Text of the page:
Parents sue, say doctors wrongly declared son dead
BY STEFANO ESPOSITO Staff Reporter firstname.lastname@example.org October 19, 2012 8:02PM
Attorney Michael Cox, Plaitiffs Pink Dorsey and Sheena Lane and attorney Barry Goldberg after the attorneys filed suit on behalf of Pink Dorsey and Sheena Lane against the Mercy Hospital and Medical Center alleging severe emotional distress for declaring their son, Jaylen Dorsey, dead when he was in fact, still alive. Friday, October 19, 2012 | Brian Jackson~Sun-Times
Updated: November 21, 2012 6:08AM
Sheena Lane and Pink Dorsey had already picked a funeral home, and a man was at the hospital — ready to take the body of their 7-year-old son, Jaylen Dorsey.
But the South Side parents hadn’t finished saying their final good-byes — a task made more agonizing by the sight of their son’s eyes continuing to “pop open.” It was just the lingering effects of the medicine, the doctors at Mercy Hospital and Medical Center told them on that unforgettable day last February. Their son was dead, they were told.
So why, Jaylen’s devastated parents wondered, did their boy’s chest continue to move up and down, and why was he warm to the touch?
Because Jaylen wasn’t dead.
“We’re not doctors, so we just went along with what they told us,” Dorsey, 28, said Friday, one day after lawyers for he and Lane filed a negligence lawsuit against Mercy in the Circuit Court of Cook County.
Lane and Dorsey claim they endured four hours of “severe emotional distress,” believing their son had died, until a heart ultrasound finally confirmed that Jaylen hadn’t.
“All of this was totally preventable,” said one of the parents’ attorney, Barry Goldberg. “There was a total lack of compassion and empathy on behalf of the physicians involved.”
In a written statement, Mercy disputes the lawsuit’s claims: “Jaylen arrived to Mercy after suffering full cardiac arrest for over 25 minutes. Mercy’s ED physicians and clinicians treated Jaylen for an extended period of time following all medical protocols in an attempt to resuscitate him. Despite extensive resuscitative efforts, Jaylen did not immediately regain a pulse and no heart activity was noted for several hours. Once a pulse was noted, the decision was made to transfer Jaylen, due to his critical health needs, to Comer Children’s hospital. While this is a very rare occurrence, extensive resuscitation efforts, medication and young age can result in a patient’s heart function returning spontaneously. We hope for continued strength for Jaylen.”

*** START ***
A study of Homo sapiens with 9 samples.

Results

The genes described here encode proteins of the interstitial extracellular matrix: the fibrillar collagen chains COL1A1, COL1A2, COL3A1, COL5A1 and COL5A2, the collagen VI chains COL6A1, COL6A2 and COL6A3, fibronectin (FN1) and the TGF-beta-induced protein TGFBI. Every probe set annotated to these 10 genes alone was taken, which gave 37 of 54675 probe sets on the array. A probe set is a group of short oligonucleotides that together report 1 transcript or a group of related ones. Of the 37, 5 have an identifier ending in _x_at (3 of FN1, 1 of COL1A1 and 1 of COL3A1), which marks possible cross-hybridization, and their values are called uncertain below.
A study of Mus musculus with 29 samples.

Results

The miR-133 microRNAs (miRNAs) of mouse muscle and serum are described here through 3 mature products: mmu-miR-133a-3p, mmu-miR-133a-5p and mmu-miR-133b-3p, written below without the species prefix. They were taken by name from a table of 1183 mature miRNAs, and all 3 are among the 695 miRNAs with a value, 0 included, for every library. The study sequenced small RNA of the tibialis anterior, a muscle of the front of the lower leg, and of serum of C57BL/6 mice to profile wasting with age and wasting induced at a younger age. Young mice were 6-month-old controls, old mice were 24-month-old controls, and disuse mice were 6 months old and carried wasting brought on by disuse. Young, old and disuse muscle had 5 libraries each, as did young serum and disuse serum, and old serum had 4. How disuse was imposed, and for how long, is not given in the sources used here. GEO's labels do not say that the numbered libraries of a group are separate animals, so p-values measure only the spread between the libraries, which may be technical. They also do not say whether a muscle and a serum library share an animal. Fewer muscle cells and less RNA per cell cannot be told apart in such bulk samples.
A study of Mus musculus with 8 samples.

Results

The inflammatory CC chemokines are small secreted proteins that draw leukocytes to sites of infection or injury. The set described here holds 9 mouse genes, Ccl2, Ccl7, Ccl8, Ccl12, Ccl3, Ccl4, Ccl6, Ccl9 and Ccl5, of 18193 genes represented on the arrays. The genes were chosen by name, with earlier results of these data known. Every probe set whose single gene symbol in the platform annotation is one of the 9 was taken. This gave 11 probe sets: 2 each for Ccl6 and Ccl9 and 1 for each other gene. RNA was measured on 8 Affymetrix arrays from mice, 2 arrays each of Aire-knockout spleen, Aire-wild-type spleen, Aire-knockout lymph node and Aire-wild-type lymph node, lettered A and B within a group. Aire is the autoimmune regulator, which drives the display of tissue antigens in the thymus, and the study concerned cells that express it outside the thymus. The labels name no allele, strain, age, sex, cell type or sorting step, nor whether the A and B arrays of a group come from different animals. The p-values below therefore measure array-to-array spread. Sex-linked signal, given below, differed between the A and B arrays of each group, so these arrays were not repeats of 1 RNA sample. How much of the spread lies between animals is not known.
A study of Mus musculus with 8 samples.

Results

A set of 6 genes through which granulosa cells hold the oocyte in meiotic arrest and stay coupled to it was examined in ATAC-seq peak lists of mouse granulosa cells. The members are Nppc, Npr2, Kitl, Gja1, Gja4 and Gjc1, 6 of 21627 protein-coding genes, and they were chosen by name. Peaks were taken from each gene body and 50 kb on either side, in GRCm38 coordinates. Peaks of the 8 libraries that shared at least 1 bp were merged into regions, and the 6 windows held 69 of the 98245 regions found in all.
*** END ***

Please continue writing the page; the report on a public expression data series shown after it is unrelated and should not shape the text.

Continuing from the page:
Lane and Dorsey’s lawyers, citing the on-going litigation, wouldn’t go into detail about Jaylen’s health issues at birth, other than to say he had “a difficult birth.”
In any case, on Feb. 18, Lane found her son unresponsive in his bed and had him rushed to the hospital. Doctors in less than an hour gave her the awful news: “This was the end for Jaylen,” Lane said.
When Dorsey arrived a little later, he too received the grim diagnosis. Further efforts to work on Jaylen would be futile, Lane and Dorsey said they were told.
And so the parents began to make plans for their son’s funeral.
In the meantime, Dorsey and Lane stayed by their son’s bed. More family arrived. Jaylen’s suddenly opening eyes startled the new arrivals, making them gasp, Dorsey said.
“Eventually, it will stop,” Lane said doctors told them.
When it didn’t, the family demanded more tests, and doctors checked Jaylen’s heart.
“You didn’t have to be a doctor to see that the heart was pumping blood,” Dorsey said.
A stunned doctor called it “a miracle,” Lane said.
“She said, ‘I’ve never seen anything like this before,’” Lane recalled.
But Lane and Dorsey say their relief was short lived, as they thought about what removing Jaylen’s respirator for several hours may have done to his health.
Lane and Dorsey say Jaylen, who was bedridden and on a respirator before his trip to Mercy, now shows few signs of life. He no longer smiles, opens his eyes or perks up when a familiar face comes in his room, they say.